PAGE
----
Object.is(0,-0) and its data structures implications

Olov Lassus olov.lassus at gmail.com
Mon Dec 3 00:57:40 PST 2012

I've been thinking about our IEEE-inherited positive and negative zero and the proposed ES6 Object.is and new collections semantics. I haven't followed any discussions about this so I'm basing my understanding purely on the Harmony wiki and toying around with the preliminary support in v8. Bear with me if I'm misunderstanding badly or raising a topic that has been discussed at length already. From what I can understand, it has been decided that there need to be a convenient way to distinguish between +0 and -0 but also that this new form of sameness (Object.is) should be used in the new collections, such as Maps and Sets. I don't mind having a convenient way of testing which zero but I'm a bit concerned that the added expressiveness of being able to store the two different zeroes in the same Set/Map (seems like a rare use case) is hugely dwarfed by the issues it may cause in the common case.

var s = new Set();

The set now contains two items. That may seem reasonable from the code above since after all I explicitly added those two items. Then consider the cases where the (integer) keys are calculated at runtime. With integers-implemented-with-floating-point it's quite easy to end up with a negative zero in ways that wouldn't happen in a language with integers-implemented-with-integers. Such as -100 * 0. In an IEEE world (so in JS) that's -0. I'm guessing most JS programmers don't know that, for good reasons.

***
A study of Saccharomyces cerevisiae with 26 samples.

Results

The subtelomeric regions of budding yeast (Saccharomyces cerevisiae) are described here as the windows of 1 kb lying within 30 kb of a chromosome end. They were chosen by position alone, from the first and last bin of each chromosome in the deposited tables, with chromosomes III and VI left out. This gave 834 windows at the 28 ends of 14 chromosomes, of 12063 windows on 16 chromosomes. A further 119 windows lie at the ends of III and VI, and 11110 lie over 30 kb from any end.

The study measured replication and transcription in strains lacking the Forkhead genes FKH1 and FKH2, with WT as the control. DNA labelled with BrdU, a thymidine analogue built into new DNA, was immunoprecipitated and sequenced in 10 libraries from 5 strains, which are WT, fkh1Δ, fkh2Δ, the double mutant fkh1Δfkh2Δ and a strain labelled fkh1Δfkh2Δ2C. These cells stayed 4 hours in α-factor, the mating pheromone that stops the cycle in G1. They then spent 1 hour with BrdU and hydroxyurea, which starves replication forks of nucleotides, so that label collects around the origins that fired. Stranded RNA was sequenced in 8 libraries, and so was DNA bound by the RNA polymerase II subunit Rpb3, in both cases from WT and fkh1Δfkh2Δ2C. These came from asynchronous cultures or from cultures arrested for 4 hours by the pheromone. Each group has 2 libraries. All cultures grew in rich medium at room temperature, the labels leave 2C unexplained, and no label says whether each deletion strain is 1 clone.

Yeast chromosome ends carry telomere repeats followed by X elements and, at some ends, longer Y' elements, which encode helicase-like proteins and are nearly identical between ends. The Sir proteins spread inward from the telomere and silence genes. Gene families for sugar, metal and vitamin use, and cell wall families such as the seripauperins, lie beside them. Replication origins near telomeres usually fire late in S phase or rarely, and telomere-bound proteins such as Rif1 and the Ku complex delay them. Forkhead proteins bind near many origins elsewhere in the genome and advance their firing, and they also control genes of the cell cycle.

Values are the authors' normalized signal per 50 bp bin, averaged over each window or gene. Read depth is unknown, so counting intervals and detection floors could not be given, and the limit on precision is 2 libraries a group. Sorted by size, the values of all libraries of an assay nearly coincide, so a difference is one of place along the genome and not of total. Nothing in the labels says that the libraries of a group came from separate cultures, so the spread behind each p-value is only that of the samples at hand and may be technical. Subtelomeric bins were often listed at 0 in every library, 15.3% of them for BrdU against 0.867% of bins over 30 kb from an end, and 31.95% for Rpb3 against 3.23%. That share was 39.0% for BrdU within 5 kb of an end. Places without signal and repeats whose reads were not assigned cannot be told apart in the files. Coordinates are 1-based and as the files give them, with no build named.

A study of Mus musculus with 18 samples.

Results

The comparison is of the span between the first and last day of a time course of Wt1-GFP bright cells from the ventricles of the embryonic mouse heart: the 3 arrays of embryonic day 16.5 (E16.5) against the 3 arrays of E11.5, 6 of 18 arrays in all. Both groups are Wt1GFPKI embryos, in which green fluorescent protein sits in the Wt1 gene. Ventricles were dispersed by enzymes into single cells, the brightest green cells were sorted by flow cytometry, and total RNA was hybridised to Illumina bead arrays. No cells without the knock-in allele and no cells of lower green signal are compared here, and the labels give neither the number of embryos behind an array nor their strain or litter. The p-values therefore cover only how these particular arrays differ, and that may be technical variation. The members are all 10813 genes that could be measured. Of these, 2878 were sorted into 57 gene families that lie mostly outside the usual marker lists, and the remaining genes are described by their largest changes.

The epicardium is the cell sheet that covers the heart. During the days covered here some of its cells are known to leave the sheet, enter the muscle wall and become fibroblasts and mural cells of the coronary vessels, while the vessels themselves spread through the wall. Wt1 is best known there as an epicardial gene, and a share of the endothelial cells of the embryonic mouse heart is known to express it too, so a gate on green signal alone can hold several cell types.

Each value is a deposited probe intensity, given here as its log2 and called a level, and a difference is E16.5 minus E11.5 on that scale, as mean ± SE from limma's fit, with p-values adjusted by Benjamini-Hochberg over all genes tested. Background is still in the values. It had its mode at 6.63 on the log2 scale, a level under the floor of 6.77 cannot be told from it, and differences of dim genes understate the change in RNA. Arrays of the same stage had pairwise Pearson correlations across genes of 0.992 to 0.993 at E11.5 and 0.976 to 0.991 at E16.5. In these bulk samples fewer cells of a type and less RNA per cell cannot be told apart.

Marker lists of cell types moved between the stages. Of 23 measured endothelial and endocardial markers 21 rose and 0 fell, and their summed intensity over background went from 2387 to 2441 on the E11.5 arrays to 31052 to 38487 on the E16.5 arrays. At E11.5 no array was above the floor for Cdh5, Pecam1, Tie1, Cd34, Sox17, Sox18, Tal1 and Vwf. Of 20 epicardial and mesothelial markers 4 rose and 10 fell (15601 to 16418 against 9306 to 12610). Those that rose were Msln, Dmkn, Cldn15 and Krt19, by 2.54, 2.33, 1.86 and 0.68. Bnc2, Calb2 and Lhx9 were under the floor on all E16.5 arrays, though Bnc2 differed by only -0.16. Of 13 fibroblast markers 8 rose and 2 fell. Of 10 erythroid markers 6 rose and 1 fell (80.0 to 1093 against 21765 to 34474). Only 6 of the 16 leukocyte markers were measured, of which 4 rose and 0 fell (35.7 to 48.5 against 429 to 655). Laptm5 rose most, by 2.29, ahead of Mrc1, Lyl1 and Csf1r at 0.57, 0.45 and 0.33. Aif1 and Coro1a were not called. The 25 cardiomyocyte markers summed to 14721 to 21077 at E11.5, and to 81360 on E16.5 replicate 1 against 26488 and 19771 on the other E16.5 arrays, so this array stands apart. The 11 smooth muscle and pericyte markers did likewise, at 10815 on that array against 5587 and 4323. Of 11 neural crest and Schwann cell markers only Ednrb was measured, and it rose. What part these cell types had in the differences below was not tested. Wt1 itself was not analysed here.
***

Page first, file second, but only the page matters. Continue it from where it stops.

To further add to the confusion, now consider that for i = 0 and j = -0: i >= j && i <= j && i === j but s.has(i) !== s.has(j). WAT?

There are plenty of ways to end up with negative zeroes unexpectedly. Here's an abs that I guess most programmers would think of as correct (assuming integer usage) but it isn't because unlike Math.abs we're not using fabs() and we didn't add the extra code to handle negative zero. That has pretty dramatic consequences considering Object.is and new data structures.

// abs(-0) is broken and we used to get away with it
function abs(x) { return x < 0 ? -x : x; }
var m = new Map();
[-1, -0, 0, 1].forEach(function(v) { m.set(abs(v), v); });
// Oops. m has three, not two, items

So how are others doing? In Python, Ruby and Lua, a dict/hash/table doesn't distinguish between +0 and -0 keys. Same goes for a std::map<double, std::string> in C++. A Java HashMap<Double, String> does, because of Double.equals semantics. But even so, the Java user would rather use a HashMap<Integer, String> when using integer keys, in which there is only one zero. JS users don't have that choice, will use Maps/Sets with integer keys far more often than with floating point keys, yet I feel that we're optimizing for a corner case of the latter.

I'm thinking that this is a pretty high tax to put on JS users. Is it worth it?